Tylecodon pearsonii (Schönland) Toelken
Cotyledon luteosquamata, Cotyledon pearsonii
This species is native to South Africa (Northern Cape, Western Cape).
Tylecodon pearsonii is an impressive succulent with a swollen base that splits into a few short branches at the apex. It grows up to 12 inches (30 cm) tall. The caudex is up to 5 inches (12.5 cm) in diameter. At first, branches are covered with almost white round leaf scars, later with brown peeling bark. Leaves are grey-green to greyish-brown, usually glabrous or with a few glandular hairs when young, up to 2 inches (5 cm) long, and up to 0.15 inches (0.4 cm) in diameter. Flowers appear on up to 4 inches (10 cm) long stems in mid-summer when the plant sheds its leaves. They are urn-shaped, up to 0.6 inches (1.5 cm) long, whitish or yellowish with reddish-brown stripes and fine hairs inside.
How to Grow and Care for Tylecodon pearsonii
Light: This succulent can survive direct sunlight exposure without any problems, but it will grow beautifully in partial shade.
Soil: A well-draining soil mix is a key to healthy T. pearsonii. Poor drainage and overwatering most commonly cause root rot in both indoor and outdoor plants. Indoors, it is essential to use pots with at least one drainage hole at the bottom.
Hardiness: Like all Tylecodons, this succulent is highly tolerant when it comes to high temperatures and tolerant cold, frost-free conditions during the winter. T. pearsonii can withstand temperatures as low as 25 to 50 °F (-3.9 to 10 °C), USDA hardiness zones 9b to 11b.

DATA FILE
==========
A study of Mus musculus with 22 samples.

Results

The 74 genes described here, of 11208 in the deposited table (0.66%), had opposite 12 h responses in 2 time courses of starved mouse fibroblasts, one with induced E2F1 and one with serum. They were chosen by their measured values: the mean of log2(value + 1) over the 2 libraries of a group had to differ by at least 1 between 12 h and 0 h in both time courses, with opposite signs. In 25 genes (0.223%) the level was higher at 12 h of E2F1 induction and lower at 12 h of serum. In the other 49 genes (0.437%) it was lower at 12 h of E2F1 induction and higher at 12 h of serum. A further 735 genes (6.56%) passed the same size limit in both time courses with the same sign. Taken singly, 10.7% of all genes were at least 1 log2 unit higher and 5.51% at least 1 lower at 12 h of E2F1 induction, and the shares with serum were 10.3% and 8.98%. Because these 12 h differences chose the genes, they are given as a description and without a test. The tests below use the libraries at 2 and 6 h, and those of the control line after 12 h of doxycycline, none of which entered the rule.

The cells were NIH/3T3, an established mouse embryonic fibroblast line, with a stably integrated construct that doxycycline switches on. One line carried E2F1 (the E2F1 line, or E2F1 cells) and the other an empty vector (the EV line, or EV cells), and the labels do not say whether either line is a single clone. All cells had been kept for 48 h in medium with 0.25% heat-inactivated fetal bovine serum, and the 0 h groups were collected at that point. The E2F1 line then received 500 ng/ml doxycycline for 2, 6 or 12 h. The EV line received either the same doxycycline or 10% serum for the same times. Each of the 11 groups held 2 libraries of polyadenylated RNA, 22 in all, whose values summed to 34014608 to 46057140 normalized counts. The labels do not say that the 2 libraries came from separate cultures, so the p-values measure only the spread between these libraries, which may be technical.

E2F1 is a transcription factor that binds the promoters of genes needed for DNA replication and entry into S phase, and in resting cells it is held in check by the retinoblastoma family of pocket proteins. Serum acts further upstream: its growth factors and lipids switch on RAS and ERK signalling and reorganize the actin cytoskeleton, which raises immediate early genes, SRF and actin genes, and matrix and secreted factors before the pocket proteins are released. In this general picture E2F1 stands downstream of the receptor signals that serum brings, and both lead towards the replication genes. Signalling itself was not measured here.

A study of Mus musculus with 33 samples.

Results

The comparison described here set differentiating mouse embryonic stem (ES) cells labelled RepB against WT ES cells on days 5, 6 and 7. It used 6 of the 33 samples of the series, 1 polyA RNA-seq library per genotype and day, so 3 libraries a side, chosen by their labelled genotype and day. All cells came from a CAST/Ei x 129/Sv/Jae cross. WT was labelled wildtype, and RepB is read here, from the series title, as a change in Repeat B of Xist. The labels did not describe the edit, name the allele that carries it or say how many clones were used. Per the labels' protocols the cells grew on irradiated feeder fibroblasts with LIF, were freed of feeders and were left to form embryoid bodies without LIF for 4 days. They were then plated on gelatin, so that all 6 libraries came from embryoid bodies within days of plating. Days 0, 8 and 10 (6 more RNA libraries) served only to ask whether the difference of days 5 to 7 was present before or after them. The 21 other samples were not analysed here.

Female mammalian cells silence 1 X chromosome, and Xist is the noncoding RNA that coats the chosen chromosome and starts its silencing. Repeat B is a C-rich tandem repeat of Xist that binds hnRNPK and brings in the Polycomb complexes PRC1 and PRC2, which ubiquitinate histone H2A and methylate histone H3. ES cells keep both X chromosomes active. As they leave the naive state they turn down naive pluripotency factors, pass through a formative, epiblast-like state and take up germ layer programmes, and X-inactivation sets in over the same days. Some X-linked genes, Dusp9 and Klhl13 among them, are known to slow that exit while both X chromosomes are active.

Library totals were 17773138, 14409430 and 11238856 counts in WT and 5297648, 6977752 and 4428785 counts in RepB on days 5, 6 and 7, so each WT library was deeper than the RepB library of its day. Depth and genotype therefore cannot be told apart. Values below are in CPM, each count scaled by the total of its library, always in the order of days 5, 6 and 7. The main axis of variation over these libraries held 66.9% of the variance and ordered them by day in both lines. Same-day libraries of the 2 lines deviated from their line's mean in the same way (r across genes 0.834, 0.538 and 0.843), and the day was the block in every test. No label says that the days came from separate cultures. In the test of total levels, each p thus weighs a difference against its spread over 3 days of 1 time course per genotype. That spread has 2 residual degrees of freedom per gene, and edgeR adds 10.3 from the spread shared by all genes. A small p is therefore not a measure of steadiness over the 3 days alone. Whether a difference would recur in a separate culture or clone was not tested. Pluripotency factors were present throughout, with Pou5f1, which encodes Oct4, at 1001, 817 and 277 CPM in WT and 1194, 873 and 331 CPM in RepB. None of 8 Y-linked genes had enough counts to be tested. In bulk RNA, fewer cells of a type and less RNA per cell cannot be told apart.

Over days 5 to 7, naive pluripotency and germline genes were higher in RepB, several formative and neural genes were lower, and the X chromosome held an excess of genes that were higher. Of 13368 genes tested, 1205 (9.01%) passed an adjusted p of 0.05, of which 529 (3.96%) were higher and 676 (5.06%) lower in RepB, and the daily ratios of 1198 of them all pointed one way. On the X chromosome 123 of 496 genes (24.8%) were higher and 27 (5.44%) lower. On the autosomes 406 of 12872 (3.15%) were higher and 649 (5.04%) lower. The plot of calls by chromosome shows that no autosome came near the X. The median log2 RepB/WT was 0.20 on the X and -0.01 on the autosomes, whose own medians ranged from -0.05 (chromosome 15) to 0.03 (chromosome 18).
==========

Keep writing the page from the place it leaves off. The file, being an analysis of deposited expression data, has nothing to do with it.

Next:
Watering: As a winter grower, T. pearsonii requires careful watering during winter and spring. Get the soil wet, and then wait until it is dry before watering again. In summer, reduce watering to once per month.
Fertilizing: Use liquid fertilizer for cacti and other succulents during the winter months.
Repotting: You do not need to repot this plant often. You can do it when you see that the container becomes too small or shallow.
Propagation: T. pearsonii can be cultivated either by seed or by cuttings. Sow the seeds in fall and winter. The best time for taking cuttings is the fall.
Learn more at How to Grow and Care for Tylecodon.
Toxicity of Tylecodon pearsonii
T. pearsonii is adapted to avoid animal predation being poisonous. Therefore, keep it away from children, pets, and livestock.